CSW58: For women, the media is a hazardous business

CSW58: For women, the media is a hazardous business

Date: September 9, 2014

Participants to a UNESCO side event to the 58th Commission on the Status of Women (CSW) conference in New York heard that media women face various forms of violence, including from new media, and beginning in their workplace.

Elisa Lees Munoz Executive Director of the International Women’s Media Foundation (IWMF) that carried out the survey with the International News Safety Institute noted that for 25 years her organisation has recognised media women’s vulnerability to violence. The survey presents the first evidence of its nature and form.

Addressing a packed audience during a panel discussion on gender, ICT’s and media freedom, Munoz acknowledged several limitations of the online study – a “snowball sampling technique”, only in English, that yielded 1000 responses.

Still, according to the IWMF, Violence and Harassment against Women in the News Media: A Global Picture provides the first comprehensive picture of the dangers faced by many women working in news media around the world. It describes the types of violence and threats female journalists encounter and considers how these incidents affect their ability to conduct their work.

The report identifies trends among reported incidents and offers suggestions about what individuals and organizations might do to mitigate the dangers of reporting in hostile environments and provide a safe working environment at home.

A shocking finding of the study is that for two thirds of the respondents said the main perpetrators of violence against them were bosses, followed by co-workers and sources. More than three quarters of the respondents cited men as perpetrators of physical, verbal and sexual violence. Shoving topped the list, with 18% of this caused by colleagues in the office; the balance during coverage of public events. Although most reported being traumatised by the incidents, only one third reported them to the police.

Fourteen percent of the respondents shared that they had experienced sexual violence. For 40 percent of the respondents, this mostly occurred in the field while 24 percent was in the office where half of the acts were by co-workers. Of those media women who experienced sexual violence, only 20 percent had reported these incidents for fear of secondary victimisation.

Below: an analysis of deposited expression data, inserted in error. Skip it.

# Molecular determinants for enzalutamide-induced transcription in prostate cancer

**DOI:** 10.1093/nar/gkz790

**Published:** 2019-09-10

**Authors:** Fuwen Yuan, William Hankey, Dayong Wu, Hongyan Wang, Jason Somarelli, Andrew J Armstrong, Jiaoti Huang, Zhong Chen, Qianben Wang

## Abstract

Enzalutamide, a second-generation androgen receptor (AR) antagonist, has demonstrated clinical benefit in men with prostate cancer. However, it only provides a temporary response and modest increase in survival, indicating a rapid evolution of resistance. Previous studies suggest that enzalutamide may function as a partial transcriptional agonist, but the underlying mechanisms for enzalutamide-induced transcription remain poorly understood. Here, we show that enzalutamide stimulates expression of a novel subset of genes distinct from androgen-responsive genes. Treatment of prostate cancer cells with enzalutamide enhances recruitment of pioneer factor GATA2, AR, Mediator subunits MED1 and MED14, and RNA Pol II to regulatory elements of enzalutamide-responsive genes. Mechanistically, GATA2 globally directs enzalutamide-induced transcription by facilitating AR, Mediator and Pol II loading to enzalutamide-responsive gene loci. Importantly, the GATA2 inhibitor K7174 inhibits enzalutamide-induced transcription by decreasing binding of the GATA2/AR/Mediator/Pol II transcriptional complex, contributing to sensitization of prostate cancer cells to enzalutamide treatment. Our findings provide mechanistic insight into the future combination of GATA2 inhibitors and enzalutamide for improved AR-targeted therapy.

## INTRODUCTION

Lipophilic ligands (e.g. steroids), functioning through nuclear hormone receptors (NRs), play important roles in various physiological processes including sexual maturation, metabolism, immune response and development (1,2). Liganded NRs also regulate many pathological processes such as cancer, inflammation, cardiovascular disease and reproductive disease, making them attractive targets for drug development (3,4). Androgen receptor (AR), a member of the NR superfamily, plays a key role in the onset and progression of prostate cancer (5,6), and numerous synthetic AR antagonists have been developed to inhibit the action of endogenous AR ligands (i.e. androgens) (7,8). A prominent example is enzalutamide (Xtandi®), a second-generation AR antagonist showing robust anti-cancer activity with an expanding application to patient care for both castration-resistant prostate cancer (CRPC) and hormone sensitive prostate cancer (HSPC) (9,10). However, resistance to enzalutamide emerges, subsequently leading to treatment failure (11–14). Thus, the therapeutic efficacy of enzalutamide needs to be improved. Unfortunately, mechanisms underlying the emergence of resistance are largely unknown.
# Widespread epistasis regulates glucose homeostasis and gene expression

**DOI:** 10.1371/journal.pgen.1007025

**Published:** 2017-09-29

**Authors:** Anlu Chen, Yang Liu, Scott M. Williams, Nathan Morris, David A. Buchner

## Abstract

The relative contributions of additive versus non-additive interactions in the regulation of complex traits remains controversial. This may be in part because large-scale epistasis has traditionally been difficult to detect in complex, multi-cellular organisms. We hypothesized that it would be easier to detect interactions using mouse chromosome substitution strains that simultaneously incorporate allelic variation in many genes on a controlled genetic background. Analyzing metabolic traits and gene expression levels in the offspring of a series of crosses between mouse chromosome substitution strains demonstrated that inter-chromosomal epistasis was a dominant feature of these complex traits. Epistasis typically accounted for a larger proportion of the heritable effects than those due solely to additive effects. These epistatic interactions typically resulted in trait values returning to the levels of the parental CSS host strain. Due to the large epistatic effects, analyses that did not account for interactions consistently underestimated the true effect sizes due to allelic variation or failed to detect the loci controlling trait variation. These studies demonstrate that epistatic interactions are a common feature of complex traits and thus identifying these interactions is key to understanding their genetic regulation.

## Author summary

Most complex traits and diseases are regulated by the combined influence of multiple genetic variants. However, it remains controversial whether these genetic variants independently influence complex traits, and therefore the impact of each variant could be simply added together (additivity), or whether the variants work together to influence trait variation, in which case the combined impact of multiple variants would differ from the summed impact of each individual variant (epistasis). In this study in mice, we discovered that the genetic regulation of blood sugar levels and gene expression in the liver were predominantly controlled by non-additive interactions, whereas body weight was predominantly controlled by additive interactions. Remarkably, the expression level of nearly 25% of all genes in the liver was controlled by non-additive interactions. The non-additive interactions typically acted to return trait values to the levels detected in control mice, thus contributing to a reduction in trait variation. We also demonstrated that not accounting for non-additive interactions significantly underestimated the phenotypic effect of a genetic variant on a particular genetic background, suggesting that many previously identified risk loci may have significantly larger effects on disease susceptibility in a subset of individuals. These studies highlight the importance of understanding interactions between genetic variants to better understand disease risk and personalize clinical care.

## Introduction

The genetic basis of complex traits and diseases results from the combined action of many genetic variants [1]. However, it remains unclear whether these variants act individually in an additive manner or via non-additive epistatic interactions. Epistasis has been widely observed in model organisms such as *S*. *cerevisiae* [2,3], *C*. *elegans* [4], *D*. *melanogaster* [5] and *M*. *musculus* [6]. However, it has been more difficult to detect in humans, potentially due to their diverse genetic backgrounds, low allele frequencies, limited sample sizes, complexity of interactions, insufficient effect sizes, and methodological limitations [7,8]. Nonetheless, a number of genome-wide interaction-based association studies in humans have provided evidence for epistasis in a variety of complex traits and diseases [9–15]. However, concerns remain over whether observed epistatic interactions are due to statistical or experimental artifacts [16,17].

Sexual harassment in the media mainly takes the form of unwanted comments on dress and appearance, jokes and invasion of physical space. Most reported that the harassment is ongoing.

With the advent of ICTs, female journalists also face threats through online media. “Cyber-bullying” according to Pamela Falk, CBS correspondent and President of the UN Correspondents Association, involves personal attacks that in the case of women correspondents invariably takes on sexual connotations.

The IMWF survey found ICT and work-related violations of the rights of women journalists include online account surveillance, phone tapping, stealing of source material as well as hacking of email accounts. Yet less than one third of the respondents took safety and security measures or received training on digital and online security. Twenty-percent of the female journalists had, however, been trained on how to protect online sources.

The survey recommends increased accountability for violence against women within the workforce; increased preventive security for all journalists but specifically for women practitioners; psychosocial support for survivors of violence and the development of preventive laws and policies.

According to the survey, undertaken with support from UNESCO and the Austrian Mission to the UN, “the very first step in addressing a problem is acknowledging that there is a problem.”

Austrian Ambassador Martin Sajdik said as a result of the study a campaign is underway to to have 2 November declared the International Day for the Prevention of Crimes against Journalists.

Irina Bokova, UNESCO Director General noted the need for collaboration to ensure that “every journalist can do his or her work safely and to fight impunity”. She stated that while technology is necessary this needs to be regulated through frameworks that provide a safe and secure environment for both women and men.

Anne Bennett, Executive Director of Hirondelle USA, a media development NGO, declared that safety of journalists needs to be included in the mandate of UN Peacekeeping Missions.

On a positive note Bennett shared inspiring stories of how new media is revolutionising the media landscape in many African countries. In Sierra Leone, for example, women are copying stories from radio using blue tooth and cell phones during listening club sessions. These programmes are played back to husbands with the hope of challenging patriarchal stereotypes.

As Falk declared in wrapping up the session, information for women must become to be “both power and protection.”

Virginia Muwanigwa is the Chairperson of Women and Land in Zimbabwe and the Director of Humanitarian Information Facilitation Centre (HIFC). Colleen Lowe Morna is the CEO of Gender Links. This article is part of the GL News Service special coverage of CSW58, offering fresh views on everyday news.